Only 10-15% of people are self-aware in the workplace. Does this apply to you? Maddy Keating, marketing specialist at MHR discusses self-awareness, or our lack of it
A staggering 95% of people believe that they are self-aware, but in reality it’s only true for 10-15% of people. This is according to Tasha Eurich, an organisational psychologist who studies self-awareness, or our lack of it.
One of the reasons for this is that the human brain functions using a variety of unconscious biases, and is motivated by things we don’t always realise. For example, psychology has identified a number of unconscious biases, such as the ‘Halo effect’, where we assume that attractive people are smarter, kinder and more trustworthy than unattractive people.
Another example is the conformity bias, where we are likely to provide the same answer to a question as the rest of the group, even if we initially disagreed. This phenomenon is fuelled by self-doubt and highlights the faulty thought processes we naturally experience.
Tasha Eurich suggests that the problem of self-awareness is actually getting worse. Society is becoming more self-absorbed, and less self-aware. This is a problem both personally and professionally, and no one is immune.
Why is it getting worse? Technology.
The technology bubble
The rise of technology is creating more bubbles, where people see a restricted view of realty and lose the ability to view things objectively. Social media algorithms are designed to show us comments and adverts that match our existing thoughts, ideas and biases.
This problem has been highlighted in recent political news, but it is a problem for our workplaces too. These algorithms can make it even harder for businesses to reach their audiences, and unverified reviews can damage consumer trust.
Lacking self-awareness can have a detrimental effect on our ability to form relationships and build trust. If we don’t understand how we are perceived, our actions can become misconstrued. In a business setting, this can not only cause friction between teams but it can make it more difficult to hit targets, and can even reduce profitability.
There have been many examples of a misunderstood social media post causing widespread offence, decreasing the popularity of a brand.
Tasha also suggests that the higher we make it up the corporate ladder, the less self-aware we become. She says: “What happens when you’re at the top of the food chain, in particular, is the standards for performance are murkier. You are usually in a much more visible role and quite often people are afraid to speak truth to power.”
This could explain the discord that frequently arises between executives and the rest of the workforce as people don’t share their real opinions with senior figures. This decreases self-awareness at the top, leaving them unaware of issues, making it easy to misunderstand how their actions affect others. Communication becomes significantly more difficult with widening gaps between perception and reality which can reduce employee productivity and morale.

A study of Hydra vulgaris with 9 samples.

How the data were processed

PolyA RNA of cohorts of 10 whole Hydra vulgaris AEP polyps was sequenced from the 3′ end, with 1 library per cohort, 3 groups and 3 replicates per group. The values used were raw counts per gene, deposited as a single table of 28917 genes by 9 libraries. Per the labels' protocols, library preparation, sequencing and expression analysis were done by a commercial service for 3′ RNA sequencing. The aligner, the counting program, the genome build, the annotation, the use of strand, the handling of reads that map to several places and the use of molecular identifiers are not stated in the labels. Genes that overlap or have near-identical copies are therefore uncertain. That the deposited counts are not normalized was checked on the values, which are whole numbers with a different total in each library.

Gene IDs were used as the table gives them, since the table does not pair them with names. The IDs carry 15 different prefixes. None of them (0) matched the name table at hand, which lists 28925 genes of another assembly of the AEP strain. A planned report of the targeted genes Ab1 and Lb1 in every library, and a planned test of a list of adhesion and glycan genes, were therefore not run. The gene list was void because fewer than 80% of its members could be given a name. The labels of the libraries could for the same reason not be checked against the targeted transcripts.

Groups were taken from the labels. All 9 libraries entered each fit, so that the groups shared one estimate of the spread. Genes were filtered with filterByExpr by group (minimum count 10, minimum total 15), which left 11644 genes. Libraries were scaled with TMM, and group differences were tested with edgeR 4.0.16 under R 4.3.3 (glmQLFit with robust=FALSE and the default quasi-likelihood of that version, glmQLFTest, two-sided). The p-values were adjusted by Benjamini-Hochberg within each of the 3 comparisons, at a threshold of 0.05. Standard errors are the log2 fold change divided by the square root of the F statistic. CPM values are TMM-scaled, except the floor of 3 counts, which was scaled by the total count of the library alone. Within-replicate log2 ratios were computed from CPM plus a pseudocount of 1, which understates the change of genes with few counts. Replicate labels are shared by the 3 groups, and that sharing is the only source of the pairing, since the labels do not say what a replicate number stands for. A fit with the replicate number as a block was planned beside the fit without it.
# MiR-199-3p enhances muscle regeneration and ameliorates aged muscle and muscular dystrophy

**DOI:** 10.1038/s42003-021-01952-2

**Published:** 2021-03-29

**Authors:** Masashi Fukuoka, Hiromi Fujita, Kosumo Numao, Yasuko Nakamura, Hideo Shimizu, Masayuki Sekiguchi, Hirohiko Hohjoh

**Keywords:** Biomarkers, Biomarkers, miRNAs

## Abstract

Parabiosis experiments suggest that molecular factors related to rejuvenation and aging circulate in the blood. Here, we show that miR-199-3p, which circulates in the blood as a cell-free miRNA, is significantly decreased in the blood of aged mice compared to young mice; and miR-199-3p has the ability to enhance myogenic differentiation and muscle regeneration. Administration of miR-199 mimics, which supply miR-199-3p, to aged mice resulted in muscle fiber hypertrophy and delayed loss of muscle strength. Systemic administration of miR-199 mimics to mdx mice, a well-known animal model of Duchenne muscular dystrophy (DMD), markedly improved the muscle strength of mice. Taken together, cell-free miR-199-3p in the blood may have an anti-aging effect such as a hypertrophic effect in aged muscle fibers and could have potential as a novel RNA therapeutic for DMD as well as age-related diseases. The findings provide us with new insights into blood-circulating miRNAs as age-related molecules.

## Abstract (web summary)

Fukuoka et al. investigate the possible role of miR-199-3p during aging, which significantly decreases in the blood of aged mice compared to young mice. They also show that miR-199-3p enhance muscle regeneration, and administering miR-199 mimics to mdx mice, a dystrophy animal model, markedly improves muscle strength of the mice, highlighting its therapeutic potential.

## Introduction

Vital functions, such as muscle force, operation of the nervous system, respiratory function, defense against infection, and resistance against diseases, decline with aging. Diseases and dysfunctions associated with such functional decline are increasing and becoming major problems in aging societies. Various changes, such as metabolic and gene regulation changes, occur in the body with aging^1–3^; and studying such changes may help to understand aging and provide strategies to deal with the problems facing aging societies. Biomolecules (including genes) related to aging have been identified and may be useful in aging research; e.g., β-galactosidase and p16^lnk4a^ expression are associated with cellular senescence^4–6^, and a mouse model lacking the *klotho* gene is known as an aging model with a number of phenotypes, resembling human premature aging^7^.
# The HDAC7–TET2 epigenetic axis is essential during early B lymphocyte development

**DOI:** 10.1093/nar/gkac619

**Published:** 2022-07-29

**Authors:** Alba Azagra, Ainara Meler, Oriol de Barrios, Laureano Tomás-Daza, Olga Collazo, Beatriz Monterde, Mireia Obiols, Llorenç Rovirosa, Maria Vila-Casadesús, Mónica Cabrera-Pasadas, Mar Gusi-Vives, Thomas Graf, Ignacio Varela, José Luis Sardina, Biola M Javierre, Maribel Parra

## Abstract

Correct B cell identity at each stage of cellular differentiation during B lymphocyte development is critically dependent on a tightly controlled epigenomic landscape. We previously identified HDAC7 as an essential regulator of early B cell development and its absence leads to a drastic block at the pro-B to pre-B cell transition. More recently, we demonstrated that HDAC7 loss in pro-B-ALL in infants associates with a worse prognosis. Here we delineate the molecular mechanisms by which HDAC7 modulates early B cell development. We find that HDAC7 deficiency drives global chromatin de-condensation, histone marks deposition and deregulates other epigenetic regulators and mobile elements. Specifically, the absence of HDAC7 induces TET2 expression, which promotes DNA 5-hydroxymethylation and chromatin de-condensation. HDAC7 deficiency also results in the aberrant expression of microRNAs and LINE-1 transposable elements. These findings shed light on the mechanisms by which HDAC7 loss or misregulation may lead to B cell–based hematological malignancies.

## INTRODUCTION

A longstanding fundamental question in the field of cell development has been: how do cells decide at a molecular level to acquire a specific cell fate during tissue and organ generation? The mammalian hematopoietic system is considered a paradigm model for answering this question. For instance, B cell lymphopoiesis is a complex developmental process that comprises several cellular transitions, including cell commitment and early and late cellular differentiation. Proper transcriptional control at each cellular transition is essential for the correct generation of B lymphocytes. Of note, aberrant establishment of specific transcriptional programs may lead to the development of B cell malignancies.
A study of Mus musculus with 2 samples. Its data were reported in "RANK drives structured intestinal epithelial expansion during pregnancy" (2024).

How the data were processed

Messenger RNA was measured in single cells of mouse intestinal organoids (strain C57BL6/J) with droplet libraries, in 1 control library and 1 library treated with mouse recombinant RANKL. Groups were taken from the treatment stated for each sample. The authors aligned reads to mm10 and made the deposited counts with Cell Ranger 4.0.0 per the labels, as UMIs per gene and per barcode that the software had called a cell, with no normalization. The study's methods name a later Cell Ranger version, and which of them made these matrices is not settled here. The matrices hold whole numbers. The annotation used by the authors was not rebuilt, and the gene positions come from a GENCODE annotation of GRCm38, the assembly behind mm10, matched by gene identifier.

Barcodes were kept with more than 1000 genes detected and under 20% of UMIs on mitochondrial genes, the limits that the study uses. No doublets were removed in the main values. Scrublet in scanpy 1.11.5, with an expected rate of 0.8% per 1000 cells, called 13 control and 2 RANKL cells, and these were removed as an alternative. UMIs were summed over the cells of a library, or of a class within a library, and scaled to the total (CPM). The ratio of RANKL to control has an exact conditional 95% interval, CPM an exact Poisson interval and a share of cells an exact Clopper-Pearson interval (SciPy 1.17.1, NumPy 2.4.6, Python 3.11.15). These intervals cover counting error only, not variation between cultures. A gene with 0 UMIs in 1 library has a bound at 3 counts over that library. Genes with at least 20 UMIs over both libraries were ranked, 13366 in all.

Whilst social media and modern culture has given rise to higher levels of self-absorption, technology is not necessarily the enemy – it can also help.
Using technology to broaden our horizons
Technology can be used to help us increase our understanding of ourselves and those around us, by helping us to process data. For organisations, personality tests and effective feedback systems can allow you to gain more people data.
This will provide a more objective view of the workforce and help to break the self-absorbed bubble. Using people analytics to spot trends and patterns will allow organisations to better understand their workforce. This will help to identify competencies and create training opportunities for future development, as well as boosting morale through improved employee engagement.
Daily check-ins are also an example of useful technology that can allow you to review your day, analysing successes and failures to build a picture on how to be more productive.
The design of this type of technology forces people to stop, to think about their actions, and decide how they feel about it. This kind of self-care develops our understanding of ourselves, allowing us to find ways to improve – both personally and professionally.
People who are more self-aware benefit from performing better at work, are better communicators, and are more likely to be promoted.
Therefore it is a win-win for organisations to help people become more self-aware in the workplace, understanding their own skills and areas to improve, as well as how other people see them, and how they fit into the larger organisational picture.
Our brains may be wired by unconscious thoughts, but we can practise self-awareness, to improve our ability to see the world more clearly. The first step is acknowledging that there is a problem, and being aware of a need to change.